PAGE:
20 Feb Virtual, Augmented, and Mixed Reality Could Bring a Promising New Future to Cardiac Care
Virtual and augmented reality technology has long been promising to the medical field, but the equipment’s often unwieldy, expensive, and low resolution displays often thwarted its potential. Now, however, there are a number of technologies using VR and AR to assist in healthcare applications, and these offer particular promise to the cardiac field. A new review in Journal of the American College of Cardiology details several of these new devices alongside their benefits and drawbacks.
Among those new ‘virtual’ modes discussed is augmented reality (AR). Unlike VR which replaces the wearer’s entire field of vision and immerses them within the digital space, AR allows the user to stay in their “native” environment while providing additional information. AR places 2D or 3D images as an overlay over reality. There are also now two new types of VR experience, known as merged reality (MeR) and mixed reality (MxR). Both allow the user to interact with digital images and information without removing them from their real life context. MeR has the ability to digitally transport users to a different room and back, akin to a hologram. In the case of MxR, digital objects are projected onto a semi-transparent display.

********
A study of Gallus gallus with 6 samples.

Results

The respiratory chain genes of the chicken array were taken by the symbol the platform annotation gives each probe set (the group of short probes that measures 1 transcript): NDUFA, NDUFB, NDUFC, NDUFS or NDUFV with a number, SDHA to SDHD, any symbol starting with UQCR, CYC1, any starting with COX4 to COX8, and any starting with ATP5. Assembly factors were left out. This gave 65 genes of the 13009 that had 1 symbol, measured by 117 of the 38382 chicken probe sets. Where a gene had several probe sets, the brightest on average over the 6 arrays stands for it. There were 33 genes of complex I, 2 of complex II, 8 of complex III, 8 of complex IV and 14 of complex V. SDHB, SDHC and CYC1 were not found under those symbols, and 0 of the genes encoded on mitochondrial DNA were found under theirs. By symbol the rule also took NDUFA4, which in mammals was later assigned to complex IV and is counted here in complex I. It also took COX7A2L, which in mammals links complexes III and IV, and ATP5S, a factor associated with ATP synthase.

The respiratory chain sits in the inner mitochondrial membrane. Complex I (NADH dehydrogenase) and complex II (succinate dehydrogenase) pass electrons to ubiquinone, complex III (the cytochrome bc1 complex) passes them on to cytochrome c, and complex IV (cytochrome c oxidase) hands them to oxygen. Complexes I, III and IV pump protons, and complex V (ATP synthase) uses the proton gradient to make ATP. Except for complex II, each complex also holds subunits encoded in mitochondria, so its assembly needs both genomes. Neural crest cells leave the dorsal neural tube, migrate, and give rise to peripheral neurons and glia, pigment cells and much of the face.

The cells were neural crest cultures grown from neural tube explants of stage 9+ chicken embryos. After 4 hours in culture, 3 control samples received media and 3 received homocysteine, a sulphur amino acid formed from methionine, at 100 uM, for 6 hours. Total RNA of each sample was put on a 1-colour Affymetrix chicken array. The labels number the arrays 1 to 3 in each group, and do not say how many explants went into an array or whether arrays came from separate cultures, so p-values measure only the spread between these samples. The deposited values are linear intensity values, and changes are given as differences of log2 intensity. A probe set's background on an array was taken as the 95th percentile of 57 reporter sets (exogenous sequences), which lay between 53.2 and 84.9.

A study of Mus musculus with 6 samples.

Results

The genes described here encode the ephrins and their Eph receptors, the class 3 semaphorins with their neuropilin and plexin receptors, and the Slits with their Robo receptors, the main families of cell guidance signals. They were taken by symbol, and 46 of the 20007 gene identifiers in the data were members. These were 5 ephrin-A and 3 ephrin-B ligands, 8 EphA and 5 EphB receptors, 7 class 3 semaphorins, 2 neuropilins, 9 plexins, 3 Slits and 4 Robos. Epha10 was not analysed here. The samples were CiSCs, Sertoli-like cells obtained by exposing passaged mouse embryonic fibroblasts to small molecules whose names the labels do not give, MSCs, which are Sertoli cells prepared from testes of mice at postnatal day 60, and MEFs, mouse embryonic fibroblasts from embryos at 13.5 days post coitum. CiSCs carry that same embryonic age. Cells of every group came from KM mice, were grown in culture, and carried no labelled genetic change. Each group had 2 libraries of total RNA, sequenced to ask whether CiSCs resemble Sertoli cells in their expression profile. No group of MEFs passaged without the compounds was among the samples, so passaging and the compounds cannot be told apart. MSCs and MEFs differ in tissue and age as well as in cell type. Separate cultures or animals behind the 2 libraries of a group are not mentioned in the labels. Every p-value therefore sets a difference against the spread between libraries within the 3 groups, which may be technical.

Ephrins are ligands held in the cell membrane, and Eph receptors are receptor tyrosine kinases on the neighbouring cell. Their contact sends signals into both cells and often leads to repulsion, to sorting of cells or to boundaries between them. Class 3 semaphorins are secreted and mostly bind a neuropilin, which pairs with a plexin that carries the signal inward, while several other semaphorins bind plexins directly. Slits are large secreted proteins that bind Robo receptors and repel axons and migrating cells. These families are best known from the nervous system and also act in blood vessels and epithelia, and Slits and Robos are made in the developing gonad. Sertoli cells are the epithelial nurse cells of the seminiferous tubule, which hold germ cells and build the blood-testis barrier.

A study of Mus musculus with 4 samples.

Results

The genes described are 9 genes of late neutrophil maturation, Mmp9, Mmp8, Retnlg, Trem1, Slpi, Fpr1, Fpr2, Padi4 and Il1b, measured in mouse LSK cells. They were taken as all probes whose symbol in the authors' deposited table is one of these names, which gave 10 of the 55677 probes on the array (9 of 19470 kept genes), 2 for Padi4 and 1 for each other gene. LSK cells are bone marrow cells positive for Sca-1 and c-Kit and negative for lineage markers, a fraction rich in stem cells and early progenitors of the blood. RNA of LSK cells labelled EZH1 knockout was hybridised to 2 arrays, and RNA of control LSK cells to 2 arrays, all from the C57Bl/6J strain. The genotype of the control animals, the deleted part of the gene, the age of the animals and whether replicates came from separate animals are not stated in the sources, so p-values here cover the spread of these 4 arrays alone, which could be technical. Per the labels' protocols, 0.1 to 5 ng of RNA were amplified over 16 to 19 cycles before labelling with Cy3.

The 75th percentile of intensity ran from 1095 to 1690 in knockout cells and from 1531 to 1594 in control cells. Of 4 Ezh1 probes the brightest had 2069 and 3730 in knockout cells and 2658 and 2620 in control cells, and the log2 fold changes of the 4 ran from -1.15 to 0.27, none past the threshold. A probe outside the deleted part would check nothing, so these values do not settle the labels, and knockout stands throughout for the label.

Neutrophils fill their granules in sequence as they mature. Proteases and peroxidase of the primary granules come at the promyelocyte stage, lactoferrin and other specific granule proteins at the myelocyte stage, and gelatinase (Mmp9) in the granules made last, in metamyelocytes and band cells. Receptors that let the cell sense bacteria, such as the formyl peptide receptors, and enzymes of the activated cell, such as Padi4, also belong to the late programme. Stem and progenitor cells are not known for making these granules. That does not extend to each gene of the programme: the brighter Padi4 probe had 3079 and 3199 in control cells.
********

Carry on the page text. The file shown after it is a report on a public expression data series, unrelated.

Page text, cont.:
Some of the additional advances that have pushed VR’s potential forward include smaller technologies (thanks in part to mobile device makers), high-resolution display technology, and increased computational power that aids with depth of field visualization, not to mention helps prevent motion sickness for the wearer. An additional benefit of these newer virtual or augmented reality media is that they offer better eye and hand tracking which helps make the devices more intuitive for clinicianswhile also being less burdensome to learn. These new devices can allow physicians to control 3D images using a sterile interface, giving them the opportunity to interpret them with greater accuracy and intervene more quickly, and could eventually lead to lower-cost procedures and higher success rates.